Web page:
Condemning the decision by the Supreme Court this morning that will allow a 40-foot cross to remain on public land, Rabbi Jack Moline, president of Interfaith Alliance, expressed grave concern that the Court would now be in the business of determining what constitutes a religious symbol:
“While today’s Supreme Court ruling in American Legion et al. v. American Humanist Association may have been the outcome many expected, the decision to allow the Bladensburg cross to remain on public land endangers religious freedom.
“Under Chief Justice Roberts, the Supreme Court has slowly been chipping away at the separation between religion and government in this country, allowing the religious beliefs of some more weight than others. This case in particular, no matter how narrowly decided or how justices tried to parse old and new memorials, places the Supreme Court in the business of determining what constitutes a religious symbol and justifies the use of public money and land for private beliefs.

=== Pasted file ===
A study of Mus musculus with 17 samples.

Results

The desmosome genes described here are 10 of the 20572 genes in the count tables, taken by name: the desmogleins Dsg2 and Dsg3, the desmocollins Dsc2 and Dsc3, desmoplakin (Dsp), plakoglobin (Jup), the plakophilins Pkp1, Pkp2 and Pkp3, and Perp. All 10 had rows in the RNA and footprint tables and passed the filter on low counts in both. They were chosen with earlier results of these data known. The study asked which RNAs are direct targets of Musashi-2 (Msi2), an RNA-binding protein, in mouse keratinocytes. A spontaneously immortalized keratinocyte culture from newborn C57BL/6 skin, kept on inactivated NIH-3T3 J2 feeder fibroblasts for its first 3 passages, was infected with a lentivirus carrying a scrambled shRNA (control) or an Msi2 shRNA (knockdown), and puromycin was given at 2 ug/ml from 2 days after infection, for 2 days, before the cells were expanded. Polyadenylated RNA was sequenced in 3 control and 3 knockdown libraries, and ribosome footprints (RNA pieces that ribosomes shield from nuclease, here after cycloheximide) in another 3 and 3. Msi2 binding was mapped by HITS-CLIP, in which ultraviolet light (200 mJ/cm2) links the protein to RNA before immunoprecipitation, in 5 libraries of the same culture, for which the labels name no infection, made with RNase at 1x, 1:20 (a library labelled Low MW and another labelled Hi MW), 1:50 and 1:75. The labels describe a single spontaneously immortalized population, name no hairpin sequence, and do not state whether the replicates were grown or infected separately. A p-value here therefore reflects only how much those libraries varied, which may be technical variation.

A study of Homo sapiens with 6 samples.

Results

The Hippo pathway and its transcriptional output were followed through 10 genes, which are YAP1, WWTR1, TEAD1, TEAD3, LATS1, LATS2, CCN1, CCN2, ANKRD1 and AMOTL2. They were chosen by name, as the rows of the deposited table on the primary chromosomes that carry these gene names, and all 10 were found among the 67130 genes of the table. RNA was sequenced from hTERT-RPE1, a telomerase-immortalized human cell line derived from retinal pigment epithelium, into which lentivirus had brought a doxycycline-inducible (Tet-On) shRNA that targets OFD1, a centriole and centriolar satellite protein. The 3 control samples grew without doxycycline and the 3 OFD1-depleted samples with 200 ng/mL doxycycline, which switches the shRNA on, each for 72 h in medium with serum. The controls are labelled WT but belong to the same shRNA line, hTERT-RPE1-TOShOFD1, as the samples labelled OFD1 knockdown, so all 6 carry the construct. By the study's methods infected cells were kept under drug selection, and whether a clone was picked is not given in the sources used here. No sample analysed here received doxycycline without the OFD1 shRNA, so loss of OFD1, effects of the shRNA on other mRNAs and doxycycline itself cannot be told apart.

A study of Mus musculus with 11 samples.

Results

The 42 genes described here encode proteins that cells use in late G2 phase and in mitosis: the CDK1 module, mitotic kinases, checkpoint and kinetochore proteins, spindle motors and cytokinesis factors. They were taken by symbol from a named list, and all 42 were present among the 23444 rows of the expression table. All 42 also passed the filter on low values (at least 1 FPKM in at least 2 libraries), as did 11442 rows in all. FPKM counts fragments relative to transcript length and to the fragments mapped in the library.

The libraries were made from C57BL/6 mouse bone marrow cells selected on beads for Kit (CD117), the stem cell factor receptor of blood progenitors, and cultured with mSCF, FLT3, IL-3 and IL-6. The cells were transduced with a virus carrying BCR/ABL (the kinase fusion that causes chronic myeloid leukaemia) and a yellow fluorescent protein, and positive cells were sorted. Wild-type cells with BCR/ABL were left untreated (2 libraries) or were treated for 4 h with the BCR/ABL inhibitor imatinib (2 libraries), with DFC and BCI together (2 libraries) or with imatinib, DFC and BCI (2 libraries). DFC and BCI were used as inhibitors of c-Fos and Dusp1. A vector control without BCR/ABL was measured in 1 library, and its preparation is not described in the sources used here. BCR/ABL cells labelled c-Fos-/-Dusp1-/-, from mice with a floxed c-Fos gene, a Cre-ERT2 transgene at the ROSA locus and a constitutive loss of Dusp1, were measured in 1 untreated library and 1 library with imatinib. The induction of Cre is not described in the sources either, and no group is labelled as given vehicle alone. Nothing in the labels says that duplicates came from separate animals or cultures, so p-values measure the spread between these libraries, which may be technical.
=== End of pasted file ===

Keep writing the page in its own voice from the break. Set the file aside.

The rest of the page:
“We should be wary of assigning meaning to symbols based on modern history. While the cross did become a common symbol of the First World War, for centuries before that it held a specific religious meaning — a meaning it continues to hold for many here in the United States. The Bladensburg Cross is neither truly representative of the diverse personal faith, philosophy or conscience of the local servicemembers for whom it was built to honor, nor do we see this ruling as honoring the powerful meaning of the Latin cross for devoted Christians. Religious symbols do not belong on public lands, paid for by the public.”
For more on the case, visit our page examining what’s at stake.
Interfaith Alliance celebrates religious freedom by championing individual rights, promoting policies that protect both religion and democracy, and uniting diverse voices to challenge extremism. Founded in 1994, Interfaith Alliance brings together members from 75 faith traditions as well as those without a faith tradition to protect faith and freedom. For more information visit interfaithalliance.org.